Averaging 800 pounds, powerful and fast moving, voracious defenders of their young, grizzly bears are a North American treasure deserving of our awe and worthy of preservation.
Native Americans held them sacred and embedded them in their legends, dances and paintings. Although they hunted them for food, clothing, and jewelry, they saw them as avatars of strength and courage conferring protection as the physical embodiment of spirit helpers. Wearing a bear claw necklace proffered security and good health.
At the turn of the twentieth century, an estimated 50,000 grizzlies roamed Alaska, Canada, and the American West. Unfortunately, by 1975, just 150 grizzlies remained in the lower U. S., most of them confined to the Greater Yellowstone Eco System.
Today, their numbers have increased to an estimated 1900 in the lower U. S. and their range by fifty percent, thanks to the Endangered Species Act. Some 150-200 grizzlies reside in Yellowstone National Park and another 500-600 within the Greater Yellowstone Eco System.
Yellowstone National Park attracts four million visitors annually, with tourists as eager to glimpse grizzlies as they do the Park’s thermal features.
Unfortunately, this great success story is now being used to justify revival of trophy hunting in Wyoming, sparked by Interior Secretary Ryan Zinke’s announced plan (June 22, 2017) to remove the Greater Yellowstone grizzlies from the Endangered Species Act. Management of the bears would be handed-over to Idaho, Wyoming, and Montana.
Despite receiving some 500,000 protests, the Fish and Wildlife Service (USWF) is going ahead with its implementation, pending final determination by the courts.
Wyoming state wildlife officials are relishing this move and want to allow a twenty-four bear kill this fall, including 14-females.
Trophy hunters would be allowed to kill any bears that stray from Yellowstone National Park.
More than forty years have been invested in bringing back these noble creatures, indigenous to North America, from the brink of extinction. Killing a pregnant bear would obviously eliminate their cubs.
Some fear that bait may be used to make them easier prey.
Ironically, the Wyoming proposal would not allow them to be hunted within one quarter-mile of a highway.
Hunters would pay $600 per bear.
Conservationists fear that actual killing limits would be exceeded.
Doubtless, monetary-minded game officials in Idaho and Montana will want in on the “ harvesting.”
The USWF’s Matt Hogan, former lobbyist for the Safari Club International, the world’s largest trophy hunting organization, has been the leading delisting proponent. Meanwhile, Zinke has announced plans to reallow importing of elephant and lion trophies into the U. S.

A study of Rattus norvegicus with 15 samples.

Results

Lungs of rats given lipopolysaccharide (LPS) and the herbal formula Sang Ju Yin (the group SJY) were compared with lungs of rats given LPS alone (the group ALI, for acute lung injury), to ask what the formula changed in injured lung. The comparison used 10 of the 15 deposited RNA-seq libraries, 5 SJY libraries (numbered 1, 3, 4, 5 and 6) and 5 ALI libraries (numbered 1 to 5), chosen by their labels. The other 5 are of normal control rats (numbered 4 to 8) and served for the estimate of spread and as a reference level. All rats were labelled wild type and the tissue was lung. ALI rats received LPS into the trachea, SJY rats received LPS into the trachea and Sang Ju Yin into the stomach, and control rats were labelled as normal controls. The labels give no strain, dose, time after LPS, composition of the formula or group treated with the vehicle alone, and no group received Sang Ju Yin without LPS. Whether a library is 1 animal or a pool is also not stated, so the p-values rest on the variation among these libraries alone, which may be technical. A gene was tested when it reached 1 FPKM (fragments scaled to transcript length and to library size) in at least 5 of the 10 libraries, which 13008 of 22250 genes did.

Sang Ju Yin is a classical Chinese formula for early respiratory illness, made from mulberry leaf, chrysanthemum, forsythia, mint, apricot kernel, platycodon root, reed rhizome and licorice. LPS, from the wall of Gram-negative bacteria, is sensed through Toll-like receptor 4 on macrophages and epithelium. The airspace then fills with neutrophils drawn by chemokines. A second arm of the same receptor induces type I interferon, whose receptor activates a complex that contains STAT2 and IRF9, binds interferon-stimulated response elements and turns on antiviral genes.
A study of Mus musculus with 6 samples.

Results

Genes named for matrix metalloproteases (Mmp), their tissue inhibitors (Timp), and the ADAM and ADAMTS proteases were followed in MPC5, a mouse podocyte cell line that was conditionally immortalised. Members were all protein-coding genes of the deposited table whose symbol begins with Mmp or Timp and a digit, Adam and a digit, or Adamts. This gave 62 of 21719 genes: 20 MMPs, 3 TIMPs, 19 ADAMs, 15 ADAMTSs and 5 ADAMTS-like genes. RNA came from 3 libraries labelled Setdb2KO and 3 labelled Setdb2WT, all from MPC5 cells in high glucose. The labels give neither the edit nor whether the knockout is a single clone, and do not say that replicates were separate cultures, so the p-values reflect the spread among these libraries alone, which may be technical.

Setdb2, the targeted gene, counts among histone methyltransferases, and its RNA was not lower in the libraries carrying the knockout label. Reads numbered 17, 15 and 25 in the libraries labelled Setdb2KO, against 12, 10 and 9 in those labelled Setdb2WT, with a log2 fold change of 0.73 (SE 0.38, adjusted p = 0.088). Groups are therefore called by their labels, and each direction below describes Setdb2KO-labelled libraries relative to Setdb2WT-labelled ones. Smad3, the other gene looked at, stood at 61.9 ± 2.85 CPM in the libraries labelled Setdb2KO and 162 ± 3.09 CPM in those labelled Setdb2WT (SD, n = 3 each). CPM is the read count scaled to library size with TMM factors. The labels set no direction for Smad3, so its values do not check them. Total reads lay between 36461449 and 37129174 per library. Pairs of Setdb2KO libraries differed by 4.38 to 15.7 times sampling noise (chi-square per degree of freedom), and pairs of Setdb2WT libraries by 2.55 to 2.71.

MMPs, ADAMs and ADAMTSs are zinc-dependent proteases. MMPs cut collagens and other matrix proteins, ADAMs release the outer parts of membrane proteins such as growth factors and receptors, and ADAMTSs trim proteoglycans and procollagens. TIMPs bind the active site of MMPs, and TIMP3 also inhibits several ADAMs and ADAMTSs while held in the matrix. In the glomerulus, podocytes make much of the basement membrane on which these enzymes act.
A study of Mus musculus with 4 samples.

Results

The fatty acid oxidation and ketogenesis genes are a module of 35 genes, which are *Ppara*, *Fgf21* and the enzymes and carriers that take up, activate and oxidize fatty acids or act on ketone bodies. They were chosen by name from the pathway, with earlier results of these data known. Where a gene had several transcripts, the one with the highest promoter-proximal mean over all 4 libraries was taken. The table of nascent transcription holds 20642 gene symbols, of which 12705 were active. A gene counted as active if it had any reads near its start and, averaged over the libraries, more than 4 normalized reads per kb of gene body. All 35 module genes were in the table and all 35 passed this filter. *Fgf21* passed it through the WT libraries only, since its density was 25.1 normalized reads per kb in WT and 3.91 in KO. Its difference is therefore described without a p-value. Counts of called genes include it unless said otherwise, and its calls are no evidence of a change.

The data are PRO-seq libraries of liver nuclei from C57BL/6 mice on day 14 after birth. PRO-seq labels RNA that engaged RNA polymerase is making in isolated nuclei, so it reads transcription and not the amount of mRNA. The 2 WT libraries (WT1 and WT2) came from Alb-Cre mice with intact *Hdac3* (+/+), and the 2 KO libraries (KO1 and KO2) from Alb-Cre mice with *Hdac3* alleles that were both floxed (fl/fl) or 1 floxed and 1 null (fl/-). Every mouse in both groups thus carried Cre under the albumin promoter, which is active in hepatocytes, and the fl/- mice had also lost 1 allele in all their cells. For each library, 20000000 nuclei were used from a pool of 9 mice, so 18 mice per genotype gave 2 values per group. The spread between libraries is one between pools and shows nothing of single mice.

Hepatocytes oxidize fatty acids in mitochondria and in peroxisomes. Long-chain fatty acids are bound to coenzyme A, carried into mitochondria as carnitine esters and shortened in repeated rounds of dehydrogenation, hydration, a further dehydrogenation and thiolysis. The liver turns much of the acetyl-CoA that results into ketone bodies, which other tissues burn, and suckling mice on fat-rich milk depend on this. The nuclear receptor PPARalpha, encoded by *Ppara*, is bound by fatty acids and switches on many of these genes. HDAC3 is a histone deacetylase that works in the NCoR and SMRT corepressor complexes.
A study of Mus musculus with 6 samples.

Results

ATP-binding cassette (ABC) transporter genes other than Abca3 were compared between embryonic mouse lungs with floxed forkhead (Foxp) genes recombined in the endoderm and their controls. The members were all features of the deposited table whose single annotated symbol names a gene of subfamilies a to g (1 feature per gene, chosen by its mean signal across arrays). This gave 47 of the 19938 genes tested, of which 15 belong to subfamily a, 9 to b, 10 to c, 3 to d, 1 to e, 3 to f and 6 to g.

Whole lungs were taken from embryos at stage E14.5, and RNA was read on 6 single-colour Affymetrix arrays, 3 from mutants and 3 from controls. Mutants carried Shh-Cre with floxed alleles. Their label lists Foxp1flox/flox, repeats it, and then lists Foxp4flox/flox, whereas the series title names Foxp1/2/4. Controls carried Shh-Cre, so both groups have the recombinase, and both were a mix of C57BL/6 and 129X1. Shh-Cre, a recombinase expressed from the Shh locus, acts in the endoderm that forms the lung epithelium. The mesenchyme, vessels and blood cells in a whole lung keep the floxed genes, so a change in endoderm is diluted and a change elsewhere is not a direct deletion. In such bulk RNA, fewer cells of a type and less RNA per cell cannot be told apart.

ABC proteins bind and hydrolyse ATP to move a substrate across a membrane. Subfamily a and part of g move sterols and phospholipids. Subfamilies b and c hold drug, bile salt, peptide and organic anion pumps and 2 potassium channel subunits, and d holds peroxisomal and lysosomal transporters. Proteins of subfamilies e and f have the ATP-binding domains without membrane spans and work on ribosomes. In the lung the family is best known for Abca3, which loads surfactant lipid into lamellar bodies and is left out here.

Oil and gas interests may also have pressured the delisting, which would open up public lands, i.e, grizzly habitat, for drilling. Hogan was appointed to the task, apparently not disclosing his ties to Anadarko Petroleum and Gas.
Native Americans were never consulted, despite the pleas of many Congress members, including Cory Booker and Bernie Sanders. Consequently, 125 Canadian and American tribes have signed a treaty calling for continuing protection of grizzlies and all animals sacred to tribal communities.
We, of course, know what happened in North Dakota with Trump issuing two memoranda encouraging resumption of the Dakota Access Pipeline just days after taking office, despite vigorous Standing Rock Sioux protests.
As is, an estimated one-hundred grizzlies are killed annually as roadkill, or by confusion with black bears during the hunting season, or by disgruntled ranchers who view grizzlies as livestock predators, and by poachers.
All of this comes even as grizzlies face declining primary food sources such as white bark pine nuts and cutthroat trout, forcing them to seek new habitat and increasing their risk for conflict with humans.
Environment encroachment remains an ongoing challenge along with the long term impacting of climate change on food resources. As Erik Movar of the Western Watershed Projects points out, “The Yellowstone region is one of the last places where grizzly bear still occupies its natural place as the king of the mountains. But the livestock industry continues to push sheep and cattle deep into the mountains, causing conflicts with grizzly bears and other native wildlife in their natural habitats. Turning grizzly bear management over to trigger-happy state agencies without guarantees that the bears will be protected turns back the clock to the dark days when predator killing was the rule and grizzly bear populations were eliminated.”
We know too well that wherever the human footprint establishes itself, wildlife is diminished. Bears shouldn’t have to coexist with humans. It’s the other way around.